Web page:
AMELIA ISLAND, FLA. — When it comes to health and wellness, consumers want as much guidance as possible on better-for-you and other new products, but they don’t want to be dictated as what’s best for their bodies. That’s more of a personal choice, according to a panel at SNAC International’s Executive Leadership Forum (ELF), held Sept. 27-29.
“Consumers don’t want to be told what is healthy or what is not healthy,” said Carlos Abrams-Rivera, president of Campbell Snacks, a division of the Campbell Soup Co. “They want to be able to see what ingredients you have in your products.”
Shoppers, he said, want to make their own decisions on gluten-free, non-G.M.O. and organic products. Mr. Abrams-Rivera suggested that companies make and market better-for-you snacks that allow shoppers to make their own individualistic choices.
“Consumers are getting smarter and smarter,” he said. “They’re pushing us to be smart companies.”
A decade ago, Lisa Walsh, chief executive officer of Truco Enterprises, recognized organic and non-GMO Project-verified snacks were emerging in the natural channel.
“Now you look at where we are today,” said Ms. Walsh, who has more than 25 years of consumer-packaged goods experience and became the head of Truco, which distributes On the Border snacks and dips, earlier this year. “If you are not in that space, you can’t be a player in snacking.
“There’s an ability to deliver to the consumer an experience where they feel great about what they are putting in their bodies and they’re hyper-sensitive to what’s in the bag or in the jar.”
On the flipside, it’s still important to have snacks with great taste.
“There are so many players who have come into better for you with all of the right labeling, but they don’t taste good,” she said. “They don’t last.”
Mark Baum, senior vice-president and chief collaboration officer, Food Marketing Institute, suggested that snack producers target what consumers want at the moment of purchase.
“What’s the need state at a given point and time?” he asked. “Is it nourishment? Is it indulgence? Is it optimization? What are they looking for? Is it a snack that they’re looking for as a meal replacement? Is it something that they’re looking for to feel good at this time? Or is it more of looking at food as fuel?”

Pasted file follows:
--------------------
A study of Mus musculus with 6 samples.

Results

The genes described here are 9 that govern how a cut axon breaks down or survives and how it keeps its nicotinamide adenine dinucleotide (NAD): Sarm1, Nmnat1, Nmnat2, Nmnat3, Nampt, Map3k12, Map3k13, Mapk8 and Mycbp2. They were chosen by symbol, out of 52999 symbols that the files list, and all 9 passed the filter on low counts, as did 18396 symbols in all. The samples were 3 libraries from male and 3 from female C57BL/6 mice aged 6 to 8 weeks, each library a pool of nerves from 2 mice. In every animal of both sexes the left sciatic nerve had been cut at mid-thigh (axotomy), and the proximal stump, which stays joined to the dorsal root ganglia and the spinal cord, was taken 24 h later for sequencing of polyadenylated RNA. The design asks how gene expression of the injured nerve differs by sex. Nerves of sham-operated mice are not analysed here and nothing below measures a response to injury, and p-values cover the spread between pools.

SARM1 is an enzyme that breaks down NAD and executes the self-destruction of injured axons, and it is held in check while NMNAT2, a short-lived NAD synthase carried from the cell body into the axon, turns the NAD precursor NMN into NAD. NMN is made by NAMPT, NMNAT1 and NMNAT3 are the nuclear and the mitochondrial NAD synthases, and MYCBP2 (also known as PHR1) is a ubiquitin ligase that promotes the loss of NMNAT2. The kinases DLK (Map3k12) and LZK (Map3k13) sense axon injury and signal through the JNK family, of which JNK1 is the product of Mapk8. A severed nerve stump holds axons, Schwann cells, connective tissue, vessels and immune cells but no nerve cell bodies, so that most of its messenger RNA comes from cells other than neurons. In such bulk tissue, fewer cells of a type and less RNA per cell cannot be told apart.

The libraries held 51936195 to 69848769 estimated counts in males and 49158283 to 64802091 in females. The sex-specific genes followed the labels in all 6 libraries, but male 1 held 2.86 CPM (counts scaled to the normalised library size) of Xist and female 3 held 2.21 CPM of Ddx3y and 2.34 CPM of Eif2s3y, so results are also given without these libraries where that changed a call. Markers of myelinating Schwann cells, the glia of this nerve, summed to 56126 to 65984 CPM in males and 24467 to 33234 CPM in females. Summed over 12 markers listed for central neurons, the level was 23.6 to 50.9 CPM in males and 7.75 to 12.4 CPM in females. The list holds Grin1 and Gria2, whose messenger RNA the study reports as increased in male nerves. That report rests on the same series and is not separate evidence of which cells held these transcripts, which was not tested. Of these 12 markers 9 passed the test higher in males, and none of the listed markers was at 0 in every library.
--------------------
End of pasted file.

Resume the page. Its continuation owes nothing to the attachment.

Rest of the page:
Mr. Baum noted the traditional drivers to path to purchase are price, taste and convenience, but not necessarily in that order.
“Still critically important, if the product doesn’t taste any better than the bag that it comes in, you’ll get trial but not repeat purchase,” he said.
Additionally, he stressed that companies examine how consumers feel about their products in the long run.
“It’s not how I feel after I eat this snack,” Mr. Baum said. “For my children, what are the long-term implications of eating these products over a period of time?”
Other issues influencing purchasing decisions include animal welfare, human welfare, workers’ rights and other social issues wrapped in a layer of transparency.
“We’ve got to make sure we understand this consumer and connect with them in a way that resonates with them,” Mr. Baum said.
In the convenience store channel, food and beverage is becoming more important as sales of fuel and tobacco level off, said Michael Sherlock, senior vice-president, chief product marketing officer, Wawa, Inc.
In fact, the company holds the No. 6 share in coffee sales nationwide, even though it only has stores in six states. Overall, he said, the company sells 220 million cups of coffee a year and more than 110 million hoagies and sandwiches as a part of its burgeoning food service business. He sees the positive attributes of food as the wave of the future.
Three years ago, Wawa initiated a food council to focus on health and wellness. The council includes food scientists and a couple veterinarians that help with animal welfare policies.
Specifically, Mr. Baum pointed out that Wawa is looking to reduce salt and sugar not only in its food service menu but also in snacks and other c.p.g. items. The company is collaborating with food manufacturers to provide consumers with a greater array of gluten-free products and higher-quality food service items.
Leveraging better-for-you trends is not always easy, noted Mr. Abrams-Rivera. Take the popularity of protein.
“The challenge is looking for more natural sources of protein, and the challenge is how to inject more plant-based proteins into traditional snacks without compromising flavor,” he pointed out.
When venturing into the health-and-wellness arena, Ms. Walsh noted that snack manufacturers must remain relevant to their brand authenticity.
“Because there are so many trends, you have to be true to understanding what the consumer connection is with your brand, and then innovate in a way that is authentic for them,” she said.
A kale chip, for instance, or even a protein snack probably would not fit within the On the Border line. Rather, Ms. Walsh said, flavors such as spicy heat and Mexican-style tajin resonate with the brand’s loyal consumers.
“How do I get a favorable experience with heat — because heat is so on-trend right now — and do it in a way that is better for you?” she speculated.
Robert J. Sarlls, president and c.e.o., Wyandot, Inc., and second vice-chairman of SNAC International, moderated the panel.